What is the Best Shaft for My Driver?
October 28, 2022
That depends. Since the inception of the game, golfers have consistently looked for ways to improve their score. In recent years, finding the best shaft for his or her driver has become as important as the clubhead they have chosen. Unfortunately, many recreational golfers still underestimate the importance of selecting the right shaft for their swing. In fact, it's a high-risk game of chance that the shaft in a driver bought off-the-shelf will correctly match the golfer’s swing.
You would be hard pressed to find a professional golfer or even a low handicapper who does not consider the driver’s shaft to be equally as important as head size, clubface, and loft. Since shooting the lowest score depends heavily on the distance and accuracy off the tee box, the measure and flex of a driver’s shaft plays a key role in producing the best ball flight. But, more often than not, a high handicapper will become obsessed over the brand of the driver while totally neglecting how shaft flex affects the accuracy and trajectory of their drive.
Brief History of the Golf Shaft
One thing that has remained true since golf’s early beginning in fifteenth century Scotland, golfers have been fanatical about the game. Although clubheads were handcrafted from tougher woods, such as beech or holly, golf shafts were made from flexible hardwoods like ash or hazel. Around the middle of the nineteenth century, hickory was exported from America as it was considered to be the toughest and most durable wood for use in axe handles. By the turn of the century, hickory was the wood most often used to craft a golf shaft.
Whereas steel rod was readily available to blacksmiths, solid steel was very heavy and could not be made light enough for use as a club’s shaft. One inventor patented a shaft that had hundreds of small holes drilled through solid steel rod to increase swing speed and another patented the first steel tube shaft, but they failed to gain popularity as the Royal & Ancient and the United States Golf Association did not certify their use for regulated play. After the USGA legalized steel shafts for use in putters only in 1924, it paved the way for the R&A to also make an equipment rule change that was enacted five years later.
True Temper manufactured the first seamless golf shaft in 1929 that featured a step-down or tapered design for a comfortable grip size at one end with improved functionality to slip directly into the club head at the other end. During the twentieth century other metals like aluminum and titanium were used in shaft making but issues with durability and costs always favored the tapered steel shaft. Graphite shafts made from carbon fiber and epoxy were introduced at the PGA Show in 1970 as a lighter alternative to the steel shaft. But, early graphite shafts were prone to snap until boron was added to the composite in the 1980s.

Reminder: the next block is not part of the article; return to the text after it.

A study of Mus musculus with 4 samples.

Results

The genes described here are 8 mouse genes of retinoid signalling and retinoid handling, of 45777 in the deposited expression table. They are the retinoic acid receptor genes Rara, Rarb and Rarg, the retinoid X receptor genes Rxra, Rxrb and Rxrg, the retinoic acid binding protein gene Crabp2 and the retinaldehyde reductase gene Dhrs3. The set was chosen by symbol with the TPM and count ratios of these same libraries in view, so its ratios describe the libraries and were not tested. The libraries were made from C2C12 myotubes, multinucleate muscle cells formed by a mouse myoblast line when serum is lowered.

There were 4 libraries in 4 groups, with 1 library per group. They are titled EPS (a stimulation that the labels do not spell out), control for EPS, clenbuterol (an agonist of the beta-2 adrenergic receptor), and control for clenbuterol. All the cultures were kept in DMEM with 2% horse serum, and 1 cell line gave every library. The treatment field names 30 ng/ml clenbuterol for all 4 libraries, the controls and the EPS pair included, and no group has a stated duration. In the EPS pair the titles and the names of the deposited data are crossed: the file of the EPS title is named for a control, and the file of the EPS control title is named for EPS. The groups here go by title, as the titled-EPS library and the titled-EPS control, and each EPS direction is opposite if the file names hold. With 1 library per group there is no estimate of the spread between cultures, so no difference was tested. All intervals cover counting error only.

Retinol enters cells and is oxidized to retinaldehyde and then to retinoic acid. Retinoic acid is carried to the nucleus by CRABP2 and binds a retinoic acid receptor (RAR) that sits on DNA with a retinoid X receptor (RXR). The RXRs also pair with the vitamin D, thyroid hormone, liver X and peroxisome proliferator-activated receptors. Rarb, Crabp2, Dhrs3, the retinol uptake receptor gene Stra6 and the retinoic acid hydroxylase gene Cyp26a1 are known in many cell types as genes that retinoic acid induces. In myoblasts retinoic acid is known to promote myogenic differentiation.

A Custom Fit for Today’s Composite Shaft
It has been almost twenty five years since golf shaft manufacturer Fujikura introduced their first Speeder shaft for drivers, woods and hybrids. The shaft development company is well known for its proprietary testing system that has allowed Fujikura to combine the latest science and technology to deliver exceptionally engineered designs like a patented high inertia tip that releases more energy just before impact. Here at Krank Golf, we have decades of experience in custom fitting drivers for unrivaled results. Check below for the shaft that’s best for your game:
Fujikura Flyware – The Flyware shaft is the winningest and lightest driver shaft in the history of long drive competition having won multiple titles in the Open, Senior and Womens divisions of World Long Drive Championships.
Fujikura Speeder X Tour – This low torque, high modulus graphite shaft can handle the fastest swing speeds and creates stability for golfers who regularly hit a drive 250 yards or more off the tee box.
Fujikura Speeder X Light Tour – For low-handicap golfers (Seniors, Ladies or Juniors) that have an average driving distance of less than 250 yards, the X Light Tour is constructed using extremely fast graphite for lower swing speeds.
Fujikura Groove LD – If a medium weight shaft that produces a very stable flight with low spin matches your game, Fujikura’s elite long drive shaft comes uncut at 47 inches and hits remarkably straight owning multiple World Long Drive Championships.
When you are ready to hit the ball farther and more accurately off the tee, take advantage of our custom fitting tools and services to build a new Formula Fire Pro, Fire LD, Fire X High-COR or Fire XX Super High-COR driver. At Krank Golf, we match your swing speed to the optimal driver face thickness and a high modulus Fujikura graphite shaft to generate more speed and distance. We’ve been defining the boundaries of what makes a driver hit straighter and longer for more than two decades. Whether you’ve a touring pro or just enjoy a causal round, don’t settle for less distance and accuracy off the tee. If you follow the science at Krank Golf, you will certainly see it is not that complicated.
Ready to Krank It Up? Schedule a custom fitting and start designing the driver that is right for your swing. Just click here and stop giving away distance off the tee box.